Clearly communicated that Coperto is included. However, patrons may be advised to check specifically if there is any "Service Charge"
No Scope of any negative surprise here. Clearly communicated that Coperto / service charges / cover charges included
A Blow up of the above picture
Check the "Coperto" written in very tiny words at the bottom of the menu card.
The Italian concept of "Coperto" or "Cover charge" has been a source of much discussion across times and forums. Restaurants in Italy charge the Coperto as a cover charge which would be added to the overall food and beverage bill. So hypothetically if you are a family of four having a meal, with coperto being Euro 2 per person, one can easily add Euro 8 to the overall invoice.
Coperto is charged generally by restaurants, pizzerias, trattorias, cafes and bars across Italy. The coperto goes by different names - cover charge, service charge; some even try to pass it off as a type of tax. In a nutshell, it is an addition to the overall bill.
It is not that a tourist is caught unawares. It is generally written in small fonts right at the bottom of the menu card and not always very easy to find. However, in a menu written in Italian, it may be next to impossible for a patron to locate.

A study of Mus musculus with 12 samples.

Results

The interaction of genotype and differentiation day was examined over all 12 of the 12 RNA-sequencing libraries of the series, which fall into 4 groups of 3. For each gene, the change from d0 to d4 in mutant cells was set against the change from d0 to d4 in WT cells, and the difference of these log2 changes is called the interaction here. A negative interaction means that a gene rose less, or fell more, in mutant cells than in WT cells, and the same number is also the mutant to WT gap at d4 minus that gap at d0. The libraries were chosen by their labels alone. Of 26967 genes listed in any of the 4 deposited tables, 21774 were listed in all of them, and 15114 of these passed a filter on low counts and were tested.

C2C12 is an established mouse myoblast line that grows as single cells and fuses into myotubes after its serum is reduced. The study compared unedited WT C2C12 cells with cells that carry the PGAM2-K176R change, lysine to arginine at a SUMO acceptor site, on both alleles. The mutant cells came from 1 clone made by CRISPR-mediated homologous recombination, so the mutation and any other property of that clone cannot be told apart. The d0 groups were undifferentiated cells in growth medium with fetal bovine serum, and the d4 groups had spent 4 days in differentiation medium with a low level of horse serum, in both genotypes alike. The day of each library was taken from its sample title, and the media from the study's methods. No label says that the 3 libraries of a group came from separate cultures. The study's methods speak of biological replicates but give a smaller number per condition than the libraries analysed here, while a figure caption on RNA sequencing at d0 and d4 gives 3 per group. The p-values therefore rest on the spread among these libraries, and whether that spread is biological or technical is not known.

The Coperto is a very Italian way of life. Levied on a person basis, it can range from Euro 1 to Euro 5 depending on a host of factors but most prevalent in "tourist traps" - typically restaurants in the heart of tourist areas. In general, the closer you are near the tourist attractions, the higher the coperto. For example, in restaurants in the heart of Milan offering fine views or proximity of the Duomo or right on Piazza Navona, some restaurants charge a coperto of a solidly steep Euro 4.
In some extreme examples, a restaurant may charge a "Coperto" as well as a "Service charge". That is likely to set you back by Euro 3-5 per person even before you have ordered anything to eat.
Most regions in Italy charge the coperto with the exception of Lazio, of which a part is Rome. In Rome, however, while the coperto is barred, most restaurants charge a "service charge" which pretty much replaces the cover charge.
In Venice, it is likely that you may be charged a Coperto as well as a Service Charge. Patrons beware!